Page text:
Marijuana Sales During Coronavirus Pandemic Uneven in Legal States
Cannabis sales during coronavirus shutdowns haven’t been the same in every state, with newer cannabis markets seeming to fair better than established markets that depend on tourism.
Despite a statewide stay-at-home order issued on March 23, Washington state saw record-breaking cannabis sales in April. Recreational marijuana sales increased 20% compared to April 2019, generating $106 million. Adult-use cannabis sales in Washington during March amounted to $99 million.
According to Marijuana Business Daily, Washington is a good test state to see if cannabis is “recession-proof” because it has a relatively mature market that generates a higher portion of sales from locals.
States like Colorado generate a higher amount of cannabis sales from tourists, so even with the leveling off of sales in the state in recent years, Colorado should expect to see a dip in cannabis revenue.
“Estimates prepared for the Department of Revenue suggest that tourists accounted for 7 to 9 percent of marijuana consumption in Colorado between 2014 and 2017,” according to a state budgeting report.
Adult-use cannabis sales in Colorado during April 2020 generated $91 million, a 16% decrease as compared to the same time in 2019
While California saw a modest gain in cannabis sales in April, monthly sales growth was less than before the pandemic. In March, Californians bought $276 million in recreational cannabis, an increase of 53% compared to March 2019. In April, sales equaled $248 million, an increase of only 17%.
With travel all but grounded during the pandemic, Nevada’s cannabis businesses have been hit hard by the lack of tourism. Adult-use cannabis sales fell 26% in the state, earning $38 million in sales in April, down from $54 million in March. According to Will Adler, Director of the Sierra Cannabis Coalition, 80% of recreational and medical marijuana sales in Nevada are generated from tourists.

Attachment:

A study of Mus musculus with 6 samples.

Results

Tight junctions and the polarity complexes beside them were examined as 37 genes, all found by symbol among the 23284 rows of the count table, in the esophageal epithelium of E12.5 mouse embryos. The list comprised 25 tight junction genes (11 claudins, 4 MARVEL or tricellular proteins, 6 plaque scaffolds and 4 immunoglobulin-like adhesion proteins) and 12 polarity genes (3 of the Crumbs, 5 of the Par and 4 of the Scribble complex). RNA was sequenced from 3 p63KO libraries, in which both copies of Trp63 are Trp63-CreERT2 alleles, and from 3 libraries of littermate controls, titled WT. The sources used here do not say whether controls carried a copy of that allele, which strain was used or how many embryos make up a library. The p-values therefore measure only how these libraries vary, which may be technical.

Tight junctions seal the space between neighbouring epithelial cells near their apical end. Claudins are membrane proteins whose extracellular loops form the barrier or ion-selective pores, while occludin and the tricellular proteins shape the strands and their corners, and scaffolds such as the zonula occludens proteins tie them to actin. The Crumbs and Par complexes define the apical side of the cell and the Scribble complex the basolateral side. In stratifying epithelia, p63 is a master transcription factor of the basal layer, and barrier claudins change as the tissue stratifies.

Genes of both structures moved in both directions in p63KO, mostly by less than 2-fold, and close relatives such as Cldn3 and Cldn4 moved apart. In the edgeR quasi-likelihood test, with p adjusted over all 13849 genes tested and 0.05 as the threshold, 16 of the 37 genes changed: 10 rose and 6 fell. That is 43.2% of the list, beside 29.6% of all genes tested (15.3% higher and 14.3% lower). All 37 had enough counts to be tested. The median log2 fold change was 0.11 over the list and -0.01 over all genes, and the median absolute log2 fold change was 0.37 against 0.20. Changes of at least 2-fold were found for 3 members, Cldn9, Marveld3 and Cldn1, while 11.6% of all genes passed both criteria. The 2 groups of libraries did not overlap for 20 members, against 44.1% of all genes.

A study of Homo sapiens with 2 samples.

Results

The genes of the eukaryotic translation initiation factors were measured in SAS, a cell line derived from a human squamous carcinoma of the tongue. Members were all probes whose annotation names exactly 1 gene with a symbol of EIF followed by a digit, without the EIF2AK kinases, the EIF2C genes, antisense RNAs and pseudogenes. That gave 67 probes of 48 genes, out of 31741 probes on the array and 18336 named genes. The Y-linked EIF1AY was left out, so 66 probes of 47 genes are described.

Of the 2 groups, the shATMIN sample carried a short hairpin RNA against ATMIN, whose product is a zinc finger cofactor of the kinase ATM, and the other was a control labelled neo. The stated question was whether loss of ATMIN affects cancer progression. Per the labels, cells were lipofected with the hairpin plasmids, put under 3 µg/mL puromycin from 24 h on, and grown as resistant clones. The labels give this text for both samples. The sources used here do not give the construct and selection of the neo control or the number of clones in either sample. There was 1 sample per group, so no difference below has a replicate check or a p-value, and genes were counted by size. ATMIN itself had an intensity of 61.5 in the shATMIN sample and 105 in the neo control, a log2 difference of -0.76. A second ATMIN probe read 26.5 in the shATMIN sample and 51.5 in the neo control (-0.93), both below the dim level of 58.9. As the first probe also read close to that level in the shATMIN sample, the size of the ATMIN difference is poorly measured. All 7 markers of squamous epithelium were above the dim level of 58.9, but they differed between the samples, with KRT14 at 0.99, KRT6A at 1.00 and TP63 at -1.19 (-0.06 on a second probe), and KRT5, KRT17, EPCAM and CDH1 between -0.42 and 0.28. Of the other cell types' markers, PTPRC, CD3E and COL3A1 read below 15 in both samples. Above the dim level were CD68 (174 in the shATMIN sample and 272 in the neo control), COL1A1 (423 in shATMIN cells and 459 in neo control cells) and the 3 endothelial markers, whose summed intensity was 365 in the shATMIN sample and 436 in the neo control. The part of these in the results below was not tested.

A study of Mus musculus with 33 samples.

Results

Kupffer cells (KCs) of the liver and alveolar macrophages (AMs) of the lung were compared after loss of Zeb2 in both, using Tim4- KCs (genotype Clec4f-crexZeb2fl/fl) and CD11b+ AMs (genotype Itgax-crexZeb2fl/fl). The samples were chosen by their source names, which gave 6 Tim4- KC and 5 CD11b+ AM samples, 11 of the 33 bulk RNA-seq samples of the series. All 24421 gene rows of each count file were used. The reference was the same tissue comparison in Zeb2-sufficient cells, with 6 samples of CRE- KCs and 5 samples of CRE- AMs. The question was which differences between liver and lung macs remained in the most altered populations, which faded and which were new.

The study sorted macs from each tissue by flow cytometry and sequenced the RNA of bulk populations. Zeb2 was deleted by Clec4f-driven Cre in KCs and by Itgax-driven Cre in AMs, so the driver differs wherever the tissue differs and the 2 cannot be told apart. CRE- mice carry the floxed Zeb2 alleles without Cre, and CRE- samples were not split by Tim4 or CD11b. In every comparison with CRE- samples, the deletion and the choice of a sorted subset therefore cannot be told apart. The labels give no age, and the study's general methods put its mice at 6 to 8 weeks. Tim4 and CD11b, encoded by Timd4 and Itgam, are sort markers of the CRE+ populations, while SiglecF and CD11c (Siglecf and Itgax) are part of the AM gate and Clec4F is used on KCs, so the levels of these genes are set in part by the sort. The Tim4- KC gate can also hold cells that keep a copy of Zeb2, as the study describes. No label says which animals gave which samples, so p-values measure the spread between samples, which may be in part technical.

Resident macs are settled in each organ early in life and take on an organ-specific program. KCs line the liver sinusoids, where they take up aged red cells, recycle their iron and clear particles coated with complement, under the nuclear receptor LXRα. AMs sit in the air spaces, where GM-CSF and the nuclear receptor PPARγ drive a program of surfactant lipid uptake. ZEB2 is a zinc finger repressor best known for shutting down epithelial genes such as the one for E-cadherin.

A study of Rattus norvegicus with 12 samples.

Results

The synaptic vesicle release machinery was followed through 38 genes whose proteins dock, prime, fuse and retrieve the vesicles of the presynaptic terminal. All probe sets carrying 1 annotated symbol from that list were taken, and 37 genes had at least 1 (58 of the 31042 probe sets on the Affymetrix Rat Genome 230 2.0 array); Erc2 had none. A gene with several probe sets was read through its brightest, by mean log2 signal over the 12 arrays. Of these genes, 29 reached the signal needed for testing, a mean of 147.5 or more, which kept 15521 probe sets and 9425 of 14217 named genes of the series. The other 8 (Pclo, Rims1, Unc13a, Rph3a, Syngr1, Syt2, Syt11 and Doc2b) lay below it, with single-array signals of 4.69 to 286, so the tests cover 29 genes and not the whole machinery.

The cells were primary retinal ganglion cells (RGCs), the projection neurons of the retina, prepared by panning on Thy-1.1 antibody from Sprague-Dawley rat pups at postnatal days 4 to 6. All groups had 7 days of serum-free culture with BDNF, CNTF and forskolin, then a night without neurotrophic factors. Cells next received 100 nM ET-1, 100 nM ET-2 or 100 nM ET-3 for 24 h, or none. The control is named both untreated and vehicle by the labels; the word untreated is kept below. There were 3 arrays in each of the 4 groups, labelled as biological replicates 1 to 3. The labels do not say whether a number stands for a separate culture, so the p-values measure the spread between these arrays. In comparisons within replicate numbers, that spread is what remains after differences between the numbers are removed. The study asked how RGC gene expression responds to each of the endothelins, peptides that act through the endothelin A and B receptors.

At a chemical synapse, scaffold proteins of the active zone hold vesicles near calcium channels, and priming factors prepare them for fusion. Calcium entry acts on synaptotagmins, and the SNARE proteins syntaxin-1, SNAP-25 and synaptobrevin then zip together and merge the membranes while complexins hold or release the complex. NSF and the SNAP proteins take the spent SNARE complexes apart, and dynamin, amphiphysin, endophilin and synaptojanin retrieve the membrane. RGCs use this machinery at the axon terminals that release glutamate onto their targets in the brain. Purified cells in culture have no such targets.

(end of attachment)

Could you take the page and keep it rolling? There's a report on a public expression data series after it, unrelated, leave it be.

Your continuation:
Illinois’ adult-use cannabis market launched in January, with a record-setting $39.2 million in sales. April’s adult-use marijuana sales didn’t top January’s numbers, but they were still higher than average. In April, Illinois sold nearly $37.3 million in recreational cannabis, $2.6 million more than was sold in March.
In Oklahoma, residents bought a record amount of medical marijuana, increasing tax collections by more than 25%. The Oklahoma Tax Commission received $9.8 million in state taxes in April. By comparison, the state generated $7.8 million in medical marijuana tax revenue in March. According to The Oklahoman, medical marijuana dispensaries sold $61.4 million worth of medical cannabis in April or nearly $217 per licensed patient.
Bud Scott, executive director of the Oklahoma Cannabis Industry Association, credits people staying home with the increase in medical marijuana sales.
“With the stay-home order in place, and medical marijuana dispensaries being categorized as essential health services, Oklahoma patients were afforded the ability to take their medicine on a more regular basis and sample a broader range of available medicines,” Scott said.
Cannabis users looking for relief from stress and anxiety could account for increases in marijuana sales that don’t rely on tourism.
“I’ve probably medicated more these past few months. You’ve got people staying home and getting stimulus checks, and what are they spending it on? Things that help keep them calm and collected,” Keith Wiley, owner of Native Brothers Dispensary, told The Oklahoman.